We’ve repeatedly covered Facebook since the announcement of the Facebook Platform, and we have noted that it’s very important for Facebook to maintain a clear difference between themselves and MySpace in the upcoming battle for social networking supremacy. The Application Platform, however, makes it increasingly harder for them to steer clear of the same traps MySpace fell into.
While the majority of Facebook’s users don’t want MySpace’s features, there’s a growing and burgeoning minority that seems hell bent on bringing MySpace to Facebook so they can finally merge their two social networks. It seems as if the most vocal proponents of autoplaying music and user customizable pages are those that have come directly from MySpace to join all of their friends on Facebook. As new transplants, they’re finding it hard to adjust without MySpace’s customizable crap (call it what you will, but this is how the majority of Facebook users feel) and feel it necessary to bring all of that to Facebook.
Facebook’s key feature has always been their smooth and well-designed website. MySpace, on the other hand, is known for crowded pages and user chosen themes. While MySpace has brought up a thriving ecosystem of websites that spit out the HTML to customize these pages, its userbase suffers from slow loading pages and numerous eyesores. Facebook users have always prided themselves on Facebook’s elegance, instead opting to standardize the design scheme in an effort to maintain some sort of graphic decency on the website.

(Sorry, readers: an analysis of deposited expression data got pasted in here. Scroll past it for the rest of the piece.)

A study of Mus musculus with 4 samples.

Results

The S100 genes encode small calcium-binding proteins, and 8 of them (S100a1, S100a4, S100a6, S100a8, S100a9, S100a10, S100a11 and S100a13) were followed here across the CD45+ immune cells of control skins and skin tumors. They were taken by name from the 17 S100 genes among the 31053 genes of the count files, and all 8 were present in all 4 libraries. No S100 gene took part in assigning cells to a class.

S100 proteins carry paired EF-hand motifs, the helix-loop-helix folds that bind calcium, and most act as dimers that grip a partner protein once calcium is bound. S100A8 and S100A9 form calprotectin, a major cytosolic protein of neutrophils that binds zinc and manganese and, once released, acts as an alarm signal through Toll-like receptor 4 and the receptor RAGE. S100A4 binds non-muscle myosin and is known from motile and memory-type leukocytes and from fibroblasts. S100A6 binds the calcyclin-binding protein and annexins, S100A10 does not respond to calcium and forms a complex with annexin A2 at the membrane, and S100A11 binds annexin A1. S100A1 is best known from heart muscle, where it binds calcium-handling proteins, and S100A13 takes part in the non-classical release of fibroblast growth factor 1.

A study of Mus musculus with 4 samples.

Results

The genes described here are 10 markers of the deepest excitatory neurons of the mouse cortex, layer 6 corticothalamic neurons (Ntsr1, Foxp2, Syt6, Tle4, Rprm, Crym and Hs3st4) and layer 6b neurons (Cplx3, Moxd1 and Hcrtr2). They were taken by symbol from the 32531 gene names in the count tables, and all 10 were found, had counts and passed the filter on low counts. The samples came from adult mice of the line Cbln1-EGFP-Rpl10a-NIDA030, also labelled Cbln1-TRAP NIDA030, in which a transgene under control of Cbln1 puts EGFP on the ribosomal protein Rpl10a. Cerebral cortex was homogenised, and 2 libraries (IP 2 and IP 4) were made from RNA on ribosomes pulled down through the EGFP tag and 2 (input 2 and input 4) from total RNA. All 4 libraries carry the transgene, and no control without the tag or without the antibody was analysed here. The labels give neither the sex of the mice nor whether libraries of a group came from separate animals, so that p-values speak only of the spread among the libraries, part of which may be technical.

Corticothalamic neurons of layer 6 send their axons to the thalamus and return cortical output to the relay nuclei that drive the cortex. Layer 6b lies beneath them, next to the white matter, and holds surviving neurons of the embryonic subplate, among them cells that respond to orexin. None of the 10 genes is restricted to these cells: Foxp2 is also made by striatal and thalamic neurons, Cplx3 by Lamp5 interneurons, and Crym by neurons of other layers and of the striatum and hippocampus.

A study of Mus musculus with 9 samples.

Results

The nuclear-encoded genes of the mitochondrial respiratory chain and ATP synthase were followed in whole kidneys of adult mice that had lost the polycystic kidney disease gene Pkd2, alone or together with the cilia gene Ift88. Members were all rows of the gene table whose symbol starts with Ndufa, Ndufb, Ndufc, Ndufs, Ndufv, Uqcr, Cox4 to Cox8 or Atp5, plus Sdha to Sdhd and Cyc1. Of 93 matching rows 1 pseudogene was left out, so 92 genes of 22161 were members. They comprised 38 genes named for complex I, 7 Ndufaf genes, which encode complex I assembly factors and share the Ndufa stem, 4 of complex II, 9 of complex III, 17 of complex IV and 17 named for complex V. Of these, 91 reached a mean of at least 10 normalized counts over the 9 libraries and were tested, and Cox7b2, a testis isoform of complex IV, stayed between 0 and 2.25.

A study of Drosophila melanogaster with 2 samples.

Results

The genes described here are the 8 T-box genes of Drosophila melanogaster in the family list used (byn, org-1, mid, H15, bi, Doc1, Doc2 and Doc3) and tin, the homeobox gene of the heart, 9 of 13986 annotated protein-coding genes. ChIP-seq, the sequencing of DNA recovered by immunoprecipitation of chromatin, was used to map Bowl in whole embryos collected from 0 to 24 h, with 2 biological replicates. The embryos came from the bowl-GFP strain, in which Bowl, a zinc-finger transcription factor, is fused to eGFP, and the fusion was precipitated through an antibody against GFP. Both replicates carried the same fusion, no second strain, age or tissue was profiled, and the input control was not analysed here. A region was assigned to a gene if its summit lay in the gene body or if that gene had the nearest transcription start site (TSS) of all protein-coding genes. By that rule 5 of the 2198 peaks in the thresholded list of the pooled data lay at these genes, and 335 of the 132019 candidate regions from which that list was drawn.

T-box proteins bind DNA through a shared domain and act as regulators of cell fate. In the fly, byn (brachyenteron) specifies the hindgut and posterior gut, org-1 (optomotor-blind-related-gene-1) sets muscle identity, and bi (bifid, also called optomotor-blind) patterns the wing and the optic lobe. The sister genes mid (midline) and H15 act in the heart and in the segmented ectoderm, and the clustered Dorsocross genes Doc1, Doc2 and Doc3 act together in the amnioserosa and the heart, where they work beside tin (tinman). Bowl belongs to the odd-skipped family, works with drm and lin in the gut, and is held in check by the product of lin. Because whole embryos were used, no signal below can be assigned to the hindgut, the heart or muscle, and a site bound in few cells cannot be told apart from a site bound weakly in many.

Facebook’s Glitter Text: Ruining a User Interface Near You
The Application Platform, however, has allowed outside developers to change the Facebook user experience. Profiles have become far more cluttered with apps, but they remain organized because of Facebook’s grid-based design. Applications like Glitter Text (Facebook account required) threaten to interrupt Facebook’s design serenity and turn it into a veritable MySpace design competitor. Few Facebook members want that, but, unfortunately, Facebook hasn’t provided a way to disable certain applications on users’ profiles.
Music and Autoplay
So far, Facebook has held its ground on the autoplay issue. Upon visiting MySpace pages, lots of users are subjected to long waits as crowded backgrounds and music load as the profile page does. Facebook has attempted to keep their interface and user experience pure by ensuring users have to click on Flash objects in order to make them play. This approach seems to have worked well so far. Complicated applications like iLike’s lets users do more than just play music. As they’d originally planned, applications like that add additional functionality not seen in other social networks like MySpace.
Whereas MySpace only allows a widget, Facebook enhances the user experience of both the profile owner and the profile browser. iLike, which has practically become Facebook’s official music player (because of the number of users that have adopted it), faces competition from a rather simple application, the independently developed Audio. Similar to MySpace’s music player, Audio does one thing. Unlike MySpace, however, it’s rather simple, and its “click to play” nature makes it rather unobtrusive.
Facebook’s Simple Audio Application
The End Game
Watching the social network I love become more cluttered isn’t an enjoyable experience. Such growth experiences, however, often lend themselves to growing pains, and Facebook is no exception. As outside developers learn to take advantage of Facebook’s new features, they’ll find themselves faced with the option to clutter profiles or to help them stay clean. I hope, for the sake of every user out there, that Facebook stays vigilant about protecting their user interface.